Last modified on 29 June 2010, at 03:04

Using SPSS and PASW/Frequencies

Frequencies, in statistics, refers to counts of categories or responses. It's a basic statistical tool that provides a sense of how often specific response options occur in a population.

Using the sample data set, let's say we want to know the geographic distribution of genetic counselors. In the sample data set there is a variable that codes for geographic region, "region." Using the frequencies function in SPSS, we can get a sense of the geographic distribution of genetic counselors.

To do so, begin by selecting "Analyze" -> "Descriptive Statistics" -> "Frequencies":


The "Frequencies" window will appear:


Scroll through the variables until you find the variable you want. In our example, we're using "region." Use the arrow to move it into the "Variable(s):" box:


Once you've done that, you don't actually need to do anything else except make sure that the "Display frequency tables" box is checked. Then hit "OK". In the Output Window you should see something like the following:


There are two tables in this output. The first gives a summary of the cases included. The "Valid" N tells you how many of your cases had a response to this variable that is not marked as missing. The "Missing" N indicates the number that are missing.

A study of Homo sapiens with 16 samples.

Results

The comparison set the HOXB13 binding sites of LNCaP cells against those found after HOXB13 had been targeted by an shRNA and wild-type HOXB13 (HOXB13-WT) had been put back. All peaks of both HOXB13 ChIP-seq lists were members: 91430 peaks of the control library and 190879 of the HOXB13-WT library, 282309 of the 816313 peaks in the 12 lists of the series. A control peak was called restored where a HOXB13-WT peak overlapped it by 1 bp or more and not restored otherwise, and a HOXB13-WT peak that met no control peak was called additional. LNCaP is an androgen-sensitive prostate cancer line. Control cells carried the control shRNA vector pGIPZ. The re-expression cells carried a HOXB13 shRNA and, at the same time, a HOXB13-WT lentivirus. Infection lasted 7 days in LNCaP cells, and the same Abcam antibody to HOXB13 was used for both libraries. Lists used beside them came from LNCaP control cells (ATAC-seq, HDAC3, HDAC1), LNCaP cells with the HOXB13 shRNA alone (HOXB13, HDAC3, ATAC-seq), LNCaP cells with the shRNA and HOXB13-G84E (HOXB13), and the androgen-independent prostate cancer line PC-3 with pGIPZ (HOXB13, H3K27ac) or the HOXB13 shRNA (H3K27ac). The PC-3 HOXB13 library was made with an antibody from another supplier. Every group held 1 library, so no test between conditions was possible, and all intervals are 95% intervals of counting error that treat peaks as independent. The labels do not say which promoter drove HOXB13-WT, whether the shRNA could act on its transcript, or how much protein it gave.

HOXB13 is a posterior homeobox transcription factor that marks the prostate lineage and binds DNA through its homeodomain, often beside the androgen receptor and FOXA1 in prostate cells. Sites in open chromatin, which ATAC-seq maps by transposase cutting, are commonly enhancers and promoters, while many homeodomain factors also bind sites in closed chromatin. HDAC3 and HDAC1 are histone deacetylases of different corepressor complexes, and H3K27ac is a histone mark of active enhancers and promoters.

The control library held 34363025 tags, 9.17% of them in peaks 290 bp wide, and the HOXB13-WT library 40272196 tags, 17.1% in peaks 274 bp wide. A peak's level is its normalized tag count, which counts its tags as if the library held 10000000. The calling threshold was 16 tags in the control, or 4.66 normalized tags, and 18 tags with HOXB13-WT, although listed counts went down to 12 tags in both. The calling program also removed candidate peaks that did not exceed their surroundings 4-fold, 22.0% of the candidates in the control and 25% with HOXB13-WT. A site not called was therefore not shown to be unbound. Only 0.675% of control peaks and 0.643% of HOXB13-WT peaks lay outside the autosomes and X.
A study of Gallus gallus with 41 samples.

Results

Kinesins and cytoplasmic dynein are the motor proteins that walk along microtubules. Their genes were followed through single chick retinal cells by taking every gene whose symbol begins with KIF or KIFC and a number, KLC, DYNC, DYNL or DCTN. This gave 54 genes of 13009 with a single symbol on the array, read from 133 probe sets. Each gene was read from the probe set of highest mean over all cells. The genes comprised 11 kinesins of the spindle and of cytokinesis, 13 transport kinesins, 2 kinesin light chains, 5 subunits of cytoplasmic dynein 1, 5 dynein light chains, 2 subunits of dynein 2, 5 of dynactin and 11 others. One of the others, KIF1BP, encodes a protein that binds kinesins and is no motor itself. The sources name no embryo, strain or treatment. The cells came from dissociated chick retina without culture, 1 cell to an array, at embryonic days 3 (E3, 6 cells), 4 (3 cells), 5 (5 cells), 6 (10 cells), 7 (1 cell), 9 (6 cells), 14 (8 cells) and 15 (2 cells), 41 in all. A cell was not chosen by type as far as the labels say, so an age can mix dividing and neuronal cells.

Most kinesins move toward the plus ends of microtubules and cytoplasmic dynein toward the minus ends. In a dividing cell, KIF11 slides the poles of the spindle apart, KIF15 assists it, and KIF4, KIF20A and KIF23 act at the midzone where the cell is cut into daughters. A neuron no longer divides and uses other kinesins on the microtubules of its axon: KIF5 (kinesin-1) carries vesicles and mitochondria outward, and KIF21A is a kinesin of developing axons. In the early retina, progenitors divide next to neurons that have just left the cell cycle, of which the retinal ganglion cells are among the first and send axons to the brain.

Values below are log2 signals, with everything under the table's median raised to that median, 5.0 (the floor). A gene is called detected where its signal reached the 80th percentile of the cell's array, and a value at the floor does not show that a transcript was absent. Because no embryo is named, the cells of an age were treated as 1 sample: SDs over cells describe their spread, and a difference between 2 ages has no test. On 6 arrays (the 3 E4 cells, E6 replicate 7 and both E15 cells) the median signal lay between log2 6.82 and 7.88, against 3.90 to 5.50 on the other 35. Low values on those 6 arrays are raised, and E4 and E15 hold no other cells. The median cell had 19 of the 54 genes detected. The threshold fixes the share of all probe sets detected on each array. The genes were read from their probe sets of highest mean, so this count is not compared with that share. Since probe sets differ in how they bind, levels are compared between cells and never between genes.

The second table is called a frequency table of frequency distribution. It includes four columns. The first, labeled "Frequency," simply reports the total number of cases that fall into each category of the variable of interest, "region." For instance, 100 genetic counselors live in the "pacific" region. The second column, labeled "Percent," provides a percentage of the total cases that fall into each region. The percentage of genetic counselors that work in the "pacific" region is 15.3%. The third column, labeled "Valid Percent," is a variation of the "Percent" column; it recalculates the percent without including the missing cases. The fourth column, labeled "Cumulative Percent," adds the percentages of each region from the top of the table to the bottom, culminating in 100%. This last column is more useful when you have ranked or ordinal variables you are analyzing as it makes it easy to get a sense of what percentage of cases fall below a specific rank.

The above example should help illustrate the utility of calculating frequencies in SPSS.